Stand-off continues between Chinese cobalt smelters and Glencore
Many major Chinese cobalt smelters have not yet signed annual raw material supply contracts with global miner Glencore, according to market participants.
Major Chinese cobalt smelters are yet to sign annual raw material supply contracts with global miner Glencore, according to market participants.
Metal Bulletin reported in February that Glencore was the only major miner left to conclude annual intermediate deals with Chinese buyers, and deals had been expected to be inked in March.
But discussions have continued into April between Glencore and Chinese companies, sources said.
“The Chinese are not going to book imminently,” one source active in the market said.
“Talks are going on between Glencore and the Chinese, and no one is budging,” a second market source said.
Parties continue to thrash-out terms, with neither in a hurry to ink deals.
Glencore still has some 2013 contracts outstanding, and the Chinese are sitting on some stocks, sources noted.
“We want raw material,” one official at a Chinese smelter said.
“[But] we still have raw materials for at least several months, and we can also buy cobalt salt from the market,” he added.
Metal versus intermediates
As intermediate negotiations continue, talk has turned to metal.
The cobalt complex as a whole is considered tight, although the metal market remains in surplus, which has put pressure on prices.
Subject to investment, cobalt intermediates can be substituted with metal. Broken cathodes and briquettes would be preferable for battery purposes as they leach well, sources said.
For some time, as metal prices languished, Chinese cobalt buyers have been considering purchasing metal, as opposed to traditionally cheaper intermediate products, to make their salts.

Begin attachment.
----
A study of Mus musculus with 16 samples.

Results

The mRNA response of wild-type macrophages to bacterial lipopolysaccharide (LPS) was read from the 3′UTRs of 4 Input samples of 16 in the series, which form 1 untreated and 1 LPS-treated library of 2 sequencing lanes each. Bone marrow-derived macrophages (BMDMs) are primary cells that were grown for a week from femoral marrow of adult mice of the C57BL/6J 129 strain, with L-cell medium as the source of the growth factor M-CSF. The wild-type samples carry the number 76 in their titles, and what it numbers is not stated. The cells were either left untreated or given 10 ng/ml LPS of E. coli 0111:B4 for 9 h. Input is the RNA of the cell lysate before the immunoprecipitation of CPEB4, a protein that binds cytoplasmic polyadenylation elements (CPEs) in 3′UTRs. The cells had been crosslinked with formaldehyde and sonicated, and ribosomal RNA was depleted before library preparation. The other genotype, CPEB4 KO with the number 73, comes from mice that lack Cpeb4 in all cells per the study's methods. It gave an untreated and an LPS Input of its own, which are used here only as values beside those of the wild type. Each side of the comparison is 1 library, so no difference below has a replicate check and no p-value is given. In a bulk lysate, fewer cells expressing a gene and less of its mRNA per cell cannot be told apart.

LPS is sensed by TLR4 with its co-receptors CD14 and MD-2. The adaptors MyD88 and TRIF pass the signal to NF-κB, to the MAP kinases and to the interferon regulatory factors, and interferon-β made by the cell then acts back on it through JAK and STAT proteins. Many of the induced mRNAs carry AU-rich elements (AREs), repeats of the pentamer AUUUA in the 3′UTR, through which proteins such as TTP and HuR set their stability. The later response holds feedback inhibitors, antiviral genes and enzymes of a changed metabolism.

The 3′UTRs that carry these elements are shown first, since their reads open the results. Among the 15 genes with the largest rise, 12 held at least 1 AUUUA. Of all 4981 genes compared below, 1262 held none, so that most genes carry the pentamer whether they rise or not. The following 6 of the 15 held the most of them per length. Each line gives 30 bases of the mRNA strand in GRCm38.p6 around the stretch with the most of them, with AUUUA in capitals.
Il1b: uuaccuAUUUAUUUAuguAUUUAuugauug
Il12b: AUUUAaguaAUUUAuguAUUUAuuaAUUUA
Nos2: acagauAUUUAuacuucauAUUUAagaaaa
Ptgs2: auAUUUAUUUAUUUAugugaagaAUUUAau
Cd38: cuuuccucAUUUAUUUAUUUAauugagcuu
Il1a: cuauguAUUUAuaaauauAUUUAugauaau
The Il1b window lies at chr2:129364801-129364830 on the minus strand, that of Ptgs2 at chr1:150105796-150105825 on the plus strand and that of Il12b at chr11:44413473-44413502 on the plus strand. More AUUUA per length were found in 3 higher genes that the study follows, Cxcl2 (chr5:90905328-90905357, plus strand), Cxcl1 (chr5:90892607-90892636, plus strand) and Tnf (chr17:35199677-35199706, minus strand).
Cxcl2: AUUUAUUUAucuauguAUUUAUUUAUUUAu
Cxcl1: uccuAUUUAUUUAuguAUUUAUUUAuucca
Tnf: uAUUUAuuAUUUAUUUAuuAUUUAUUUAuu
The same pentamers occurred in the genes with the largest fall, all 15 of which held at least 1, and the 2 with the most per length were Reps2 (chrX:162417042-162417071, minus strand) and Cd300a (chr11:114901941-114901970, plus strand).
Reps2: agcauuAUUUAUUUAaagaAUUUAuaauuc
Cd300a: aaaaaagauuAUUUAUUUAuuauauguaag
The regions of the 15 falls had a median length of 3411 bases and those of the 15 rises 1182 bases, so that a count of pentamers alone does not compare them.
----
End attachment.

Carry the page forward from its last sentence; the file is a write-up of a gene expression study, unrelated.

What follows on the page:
Glencore is now discussing new contracts with Chinese buyers, and is proposing better terms for those buying metal as well as intermediates, sources said.
“I think Glencore sees total supply/demand as very healthy, but with increased production from Sumitomo and Ambatovy, there is a lot of metal around,” the second source said.
“If Chinese buyers each buy 10% metal, instead of intermediates, that’s around 4,000 tonnes, which would remove the metal oversupply,” the source added.
“They’re offering better terms if you’re taking metal,” the source said.
Glencore declined to comment.
However, Chinese buyers are keen to continue purchasing intermediates.
“There is some resistance to buying metal. They are used to intermediates and an investment needs to be made by most of the Chinese,” the first source said.
Many market sources remain hopeful that Chinese buyers will be tempted to purchase metal, easing the pressure on the tight intermediate market, and soaking up surplus metal.
If Chinese consumers shift their purchase patterns to buy large volumes of metal, this could drive up metal prices, which have been languishing in the low to mid teens for the past few years.
Prices have rallied over the past few months, on limited supplies from major producers like ENRC.
Low-grade cobalt is trading at $14.10-15 per lb, up from $11.80-12.90 at the start of the year. This is a far cry, however, from the April 2010 levels of around $19.50-23 per lb.